About 10 million people qualify for Social Security and Medicare on the basis of a disability. Here’s what you need to know about Social Security and Medicare benefits for people with disabilities:
Apply for Social Security Disability Income at your local Social Security office or online. Call Social Security at 1-800-772-1213 to find out where to go. If you qualify for railroad disability annuity income, go to your local Railroad Retirement Board. (To learn more about Social Security disability policy and how it relates to the recent budget deal, click here.)
Medicare: You automatically qualify for Medicare when you are under 65 once you have been receiving Social Security Disability Income for 24 months or railroad disability annuity checks. And, there is a five-month waiting period before your Medicare benefits kick in. You do not need to do anything to get Medicare Part A and B. Your Part B premium will be deducted from your Social Security check. You should not turn down Part B unless you have primary insurance coverage through your or your partner’s current job and you confirm that with the employer offering the coverage and Social Security. You want to avoid being without medical coverage or paying a premium penalty for Part B. (And, keep in mind that Medicare covers only about half your health care costs, so you’ll need supplemental coverage. If your income is low, there are several programs that can help.)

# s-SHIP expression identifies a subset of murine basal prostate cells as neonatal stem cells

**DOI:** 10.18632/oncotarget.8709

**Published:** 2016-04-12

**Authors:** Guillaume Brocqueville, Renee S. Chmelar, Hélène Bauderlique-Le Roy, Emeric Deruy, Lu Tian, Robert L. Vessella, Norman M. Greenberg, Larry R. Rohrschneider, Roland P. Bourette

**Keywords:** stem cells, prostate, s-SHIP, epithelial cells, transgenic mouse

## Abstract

If you have ALS or Lou Gehrig’s disease, you will automatically be enrolled in Medicare the first month you receive Social Security Disability Income or railroad disability annuity income. There is a five-month waiting period after you are determined to be disabled until you begin receiving benefits. Be sure to make clear that you have ALS to avoid the additional 24-month waiting period for Medicare.
If you have End Stage Renal Disease (ESRD), you should apply for Medicare through your Social Security office, even if you are a railroad worker. Social Security will need supporting documentation about your disease from your doctor and dialysis center. When Medicare begins depends on your treatment.
- If you are in a self-dialysis training program, Medicare begins on the first day of the month you begin the program. You must begin the program before the third month of your dialysis and you will need support from your doctor that you will complete the training program and do self-dialysis. Otherwise, Medicare begins the first day of fourth month of your dialysis.
- If you are receiving a kidney transplant, Medicare begins when you begin receiving health care services for the transplant. Medicare coverage begins no sooner than the two months before the month you receive the transplant.